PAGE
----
September 27, 2013

New Traffic Laws Become Effective October 1; No Hand-Held Cell Phone Use, Seat Belts for All passengers

Residents are reminded that two new State traffic laws that will affect the general population of drivers will go into effect October 1.

First, a fully licensed driver will not be permitted to use a handheld cell phone while their vehicle is in motion. The new law also authorizes police to enforce these violations as primary traffic offenses, meaning that officers will be able to stop drivers for the sole offense of using a handheld cell phone while behind the wheel.

It is not against the law to attach and use a hands-free device such as a Bluetooth. But, officers encourage drivers to refrain from using a cell phone while driving so they can concentrate fully on their driving responsibilities. Texting while driving is already a primary offense.

The penalty for the first violation is $83, the second violation penalty is $140 and the fine for the third and subsequent offense is $160.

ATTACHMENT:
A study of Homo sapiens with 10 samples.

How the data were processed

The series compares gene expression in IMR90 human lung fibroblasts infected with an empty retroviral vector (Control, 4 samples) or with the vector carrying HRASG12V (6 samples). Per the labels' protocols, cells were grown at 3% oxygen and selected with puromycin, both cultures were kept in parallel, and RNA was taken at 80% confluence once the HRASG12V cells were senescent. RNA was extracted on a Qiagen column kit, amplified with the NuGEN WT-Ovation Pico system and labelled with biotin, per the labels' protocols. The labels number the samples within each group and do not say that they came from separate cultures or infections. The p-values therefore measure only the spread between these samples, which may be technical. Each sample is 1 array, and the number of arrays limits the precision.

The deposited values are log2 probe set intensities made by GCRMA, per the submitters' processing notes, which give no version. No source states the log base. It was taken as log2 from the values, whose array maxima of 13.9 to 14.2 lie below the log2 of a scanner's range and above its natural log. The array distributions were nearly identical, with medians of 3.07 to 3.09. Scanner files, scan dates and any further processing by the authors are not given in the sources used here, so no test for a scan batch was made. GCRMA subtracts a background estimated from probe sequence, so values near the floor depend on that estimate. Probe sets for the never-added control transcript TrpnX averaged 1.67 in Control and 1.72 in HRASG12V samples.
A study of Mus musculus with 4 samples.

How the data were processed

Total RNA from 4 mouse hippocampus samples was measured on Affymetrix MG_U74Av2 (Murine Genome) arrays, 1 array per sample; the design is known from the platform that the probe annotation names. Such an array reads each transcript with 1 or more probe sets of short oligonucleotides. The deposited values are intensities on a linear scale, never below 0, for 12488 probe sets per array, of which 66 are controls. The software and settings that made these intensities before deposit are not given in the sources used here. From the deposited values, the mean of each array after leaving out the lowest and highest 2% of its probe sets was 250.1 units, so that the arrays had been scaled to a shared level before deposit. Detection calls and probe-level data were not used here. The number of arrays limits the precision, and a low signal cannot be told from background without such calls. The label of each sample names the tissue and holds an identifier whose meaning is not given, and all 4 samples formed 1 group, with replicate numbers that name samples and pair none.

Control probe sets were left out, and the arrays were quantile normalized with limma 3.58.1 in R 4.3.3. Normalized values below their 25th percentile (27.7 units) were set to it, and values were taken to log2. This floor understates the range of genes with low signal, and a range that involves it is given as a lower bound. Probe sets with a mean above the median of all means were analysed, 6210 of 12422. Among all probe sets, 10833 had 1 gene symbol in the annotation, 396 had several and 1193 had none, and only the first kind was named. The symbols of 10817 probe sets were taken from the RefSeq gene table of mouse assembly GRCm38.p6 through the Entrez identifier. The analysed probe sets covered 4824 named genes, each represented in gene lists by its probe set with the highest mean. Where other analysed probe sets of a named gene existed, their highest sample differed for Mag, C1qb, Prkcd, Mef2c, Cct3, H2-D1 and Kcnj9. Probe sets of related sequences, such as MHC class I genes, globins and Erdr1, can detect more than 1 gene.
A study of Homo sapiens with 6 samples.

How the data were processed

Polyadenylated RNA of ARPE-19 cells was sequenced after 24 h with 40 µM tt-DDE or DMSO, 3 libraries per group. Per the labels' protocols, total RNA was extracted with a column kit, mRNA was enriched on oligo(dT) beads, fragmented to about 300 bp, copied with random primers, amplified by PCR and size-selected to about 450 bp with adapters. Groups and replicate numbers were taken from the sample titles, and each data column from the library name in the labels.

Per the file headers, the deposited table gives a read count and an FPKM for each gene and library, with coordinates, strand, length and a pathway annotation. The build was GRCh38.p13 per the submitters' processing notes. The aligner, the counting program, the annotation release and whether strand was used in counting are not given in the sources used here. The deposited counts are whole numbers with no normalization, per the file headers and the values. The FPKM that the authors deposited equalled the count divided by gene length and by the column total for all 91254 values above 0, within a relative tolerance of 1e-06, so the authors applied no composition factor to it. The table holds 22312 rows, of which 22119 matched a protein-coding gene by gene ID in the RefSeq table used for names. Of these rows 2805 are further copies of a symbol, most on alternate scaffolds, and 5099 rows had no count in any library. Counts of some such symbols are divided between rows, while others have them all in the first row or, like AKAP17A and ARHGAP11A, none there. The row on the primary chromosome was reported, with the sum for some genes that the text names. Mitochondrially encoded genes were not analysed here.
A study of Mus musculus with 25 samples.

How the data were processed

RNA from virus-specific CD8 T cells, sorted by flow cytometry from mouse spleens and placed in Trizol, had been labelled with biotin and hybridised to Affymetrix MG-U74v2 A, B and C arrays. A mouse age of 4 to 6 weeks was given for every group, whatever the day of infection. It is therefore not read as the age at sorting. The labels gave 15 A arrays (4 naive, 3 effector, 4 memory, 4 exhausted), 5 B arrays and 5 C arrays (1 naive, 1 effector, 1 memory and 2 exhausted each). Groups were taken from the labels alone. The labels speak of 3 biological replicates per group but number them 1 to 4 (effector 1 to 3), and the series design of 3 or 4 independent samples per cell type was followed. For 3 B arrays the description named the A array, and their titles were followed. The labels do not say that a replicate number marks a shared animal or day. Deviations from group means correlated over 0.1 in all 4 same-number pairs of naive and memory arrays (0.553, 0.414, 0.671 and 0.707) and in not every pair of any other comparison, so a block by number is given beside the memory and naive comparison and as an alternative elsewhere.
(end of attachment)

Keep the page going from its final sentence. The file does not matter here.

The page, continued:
The other new law will require that every vehicle occupant use either a seat belt or child safety restraint. Anyone over the age of 16 riding in either the front or the back seat will be required to use a seat belt. Residents are also reminded that the number of passengers in a vehicle cannot exceed the number of seat belts in that vehicle, and no more than one person can be buckled in a single seat belt.

For more information, see Frequently Asked Questions.

8 comments:

  1. Oh so SB281 is not going into effect also? Way to cover everything happening October 1, things that are not controversial.


    I have even seen bus drivers holding a cell phone and conversing while behind the wheel! i hate hearing passengers on the bus shouting into their cell phones as well- most of them are loud and it is very disruptive! It is the law not to play music without headphones so why do they allow people to talk on their cellphones! usually conversations are loud and lengthy! i always thought cell phones were for emergencies!!! At least music is tuneful. people chattering away on their cells is cacophonous and not pleasant to hear!! It is rude, except for brief notifications, not lengthy conversations! BAN THEM!!



      The cell phone law prohibits holding a cell phone. If you are not physically holding the cell phone and only listening to it as it rests on your lap, or somewhere in your vehicle, you would be in compliance with both laws.